Here’s a story from Saturday’s Milwaukee Journal-Sentinel about the relationship between the Foley & Lardner law firm and Major League Baseball:
Mary K. Braza, the head of the sports industry team at the Foley & Lardner law firm, has a nice view of Milwaukee and Lake Michigan from her office at the U.S. Bank Center.
So does Baseball Commissioner Bud Selig, who maintains an office on a different floor in the same building on E. Wisconsin Ave.
That as much as anything explains the strong relationship Major League Baseball has with Milwaukee’s best known law firm.
Braza heads a team of approximately 36 lawyers at the prestigious firm. And while Foley serves a variety of clients in the sports world, it is the firm’s long and strong connection to Major League Baseball where it is best known in sports law circles.
Chambers USA, which ranks law firms in various categories, has given Foley a solid ranking. According to Chambers, “the team’s reputation has been forged through its dedication to providing a ‘solid all-around service.’ ”
Foley does everything for baseball, and I’m assuming it’s a pretty good client for Ms. Braza to have. This interested me, though:
Foley was, in fact, a key player in the Mitchell Report, baseball’s defining document on the use of performance-enhancing substances. The report, produced by former Sen. George Mitchell and which came out a year ago, was Selig’s effort to lay out the problems of baseball and performance-enhancing substances.
It was a significant project for baseball and Foley & Lardner.
“We were baseball’s lawyers,” Braza said. “We weren’t independent investigators. That was Mitchell and the lawyers he worked with. We were instructed to be facilitators for Mitchell. We were the liaison between Mitchell’s people and the league office, making sure people were producing information for them, setting up interviews and making sure that was happening across the board with respect to the other clubs,” she said.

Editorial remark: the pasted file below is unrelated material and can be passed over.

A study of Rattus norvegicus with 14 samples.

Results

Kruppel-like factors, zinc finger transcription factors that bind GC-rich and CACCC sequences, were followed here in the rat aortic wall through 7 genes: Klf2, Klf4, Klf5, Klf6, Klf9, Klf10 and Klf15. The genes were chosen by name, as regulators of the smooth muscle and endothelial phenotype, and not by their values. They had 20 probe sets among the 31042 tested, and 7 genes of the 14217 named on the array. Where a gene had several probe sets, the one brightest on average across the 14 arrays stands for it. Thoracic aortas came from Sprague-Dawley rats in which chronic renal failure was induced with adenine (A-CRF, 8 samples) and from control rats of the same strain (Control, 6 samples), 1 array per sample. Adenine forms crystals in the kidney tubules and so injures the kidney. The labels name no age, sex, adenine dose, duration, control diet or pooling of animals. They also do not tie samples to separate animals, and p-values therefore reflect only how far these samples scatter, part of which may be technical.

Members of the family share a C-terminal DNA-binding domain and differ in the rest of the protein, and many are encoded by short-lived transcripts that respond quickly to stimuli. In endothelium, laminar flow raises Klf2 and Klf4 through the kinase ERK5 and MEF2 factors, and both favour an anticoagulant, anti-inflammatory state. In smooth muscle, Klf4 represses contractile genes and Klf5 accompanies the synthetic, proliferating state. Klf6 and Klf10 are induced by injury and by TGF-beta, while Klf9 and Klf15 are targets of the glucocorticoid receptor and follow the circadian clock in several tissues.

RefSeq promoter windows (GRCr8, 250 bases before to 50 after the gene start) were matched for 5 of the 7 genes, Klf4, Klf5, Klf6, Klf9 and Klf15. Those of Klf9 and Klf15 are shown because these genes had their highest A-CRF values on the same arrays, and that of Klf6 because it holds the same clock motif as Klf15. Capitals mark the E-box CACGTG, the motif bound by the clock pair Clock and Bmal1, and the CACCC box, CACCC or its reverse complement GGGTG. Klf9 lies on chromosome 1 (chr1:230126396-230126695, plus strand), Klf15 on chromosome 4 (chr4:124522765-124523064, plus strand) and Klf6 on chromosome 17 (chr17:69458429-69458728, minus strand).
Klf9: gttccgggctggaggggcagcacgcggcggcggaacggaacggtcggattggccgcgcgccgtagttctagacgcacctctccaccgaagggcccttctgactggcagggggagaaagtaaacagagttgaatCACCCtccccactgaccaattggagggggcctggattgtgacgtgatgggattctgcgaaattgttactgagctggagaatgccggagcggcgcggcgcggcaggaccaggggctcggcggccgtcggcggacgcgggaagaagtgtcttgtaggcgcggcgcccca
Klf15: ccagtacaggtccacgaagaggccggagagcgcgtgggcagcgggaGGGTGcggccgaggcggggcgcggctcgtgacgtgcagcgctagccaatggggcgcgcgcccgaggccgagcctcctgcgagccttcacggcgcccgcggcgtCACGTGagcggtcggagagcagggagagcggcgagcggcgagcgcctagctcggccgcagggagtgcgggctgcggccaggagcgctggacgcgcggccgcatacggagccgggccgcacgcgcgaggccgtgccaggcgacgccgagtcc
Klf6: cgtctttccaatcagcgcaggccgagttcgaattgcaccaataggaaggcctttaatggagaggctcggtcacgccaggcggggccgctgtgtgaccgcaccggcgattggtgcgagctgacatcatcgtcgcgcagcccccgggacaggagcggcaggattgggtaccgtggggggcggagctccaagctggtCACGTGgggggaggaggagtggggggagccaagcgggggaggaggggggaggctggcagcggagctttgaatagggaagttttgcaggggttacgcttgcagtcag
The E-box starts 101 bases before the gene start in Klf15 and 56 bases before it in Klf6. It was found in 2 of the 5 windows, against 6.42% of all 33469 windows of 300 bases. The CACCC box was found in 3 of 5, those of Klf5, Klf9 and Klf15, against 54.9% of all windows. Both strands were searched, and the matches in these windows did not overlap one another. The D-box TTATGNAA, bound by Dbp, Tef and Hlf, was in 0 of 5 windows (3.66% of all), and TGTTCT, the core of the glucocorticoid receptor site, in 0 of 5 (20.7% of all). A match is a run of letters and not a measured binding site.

That’s funny. My copy of the Mitchell Report says “DLA Piper” on the front page, which is George Mitchell’s law firm. You’d think that they’d at least get a proper-name shoutout here. You’d also think that, given how political and superficial a document the Mitchell Report truly was, people would be running away from it as opposed to trying to take credit. Unless of course the pitch is “Hire us! We’ll whitewash your business’ problems so thoroughly that people will forget they ever happened!” You laugh, but there’s a lot of money in that line of work.
That aside, this reads like a sales brochure for Foley. Or for any other large firm, really. My experience working for such places tells me, however, that whenever lawyers talk to you about how they’ll “think proactively” for you and serve as “facilitators” it really means that they’ll continue billing you at a healthy clip when there aren’t any deals on the table and there isn’t much pending litigation. Personally speaking? I’d rather hire smart salaried people in-house to, in Braza’s words, “think about the next thing I have coming down the road” and have my expensive, outside, hourly lawyers on stand-by for bigger problems.
It’s always a buyer’s market for legal services as long as you at least try to approach it as such. The days where you can just hire the biggest firm in town and delegate all of your thinking to them like Major League Baseball seems to have done with Foley is a thing of the past.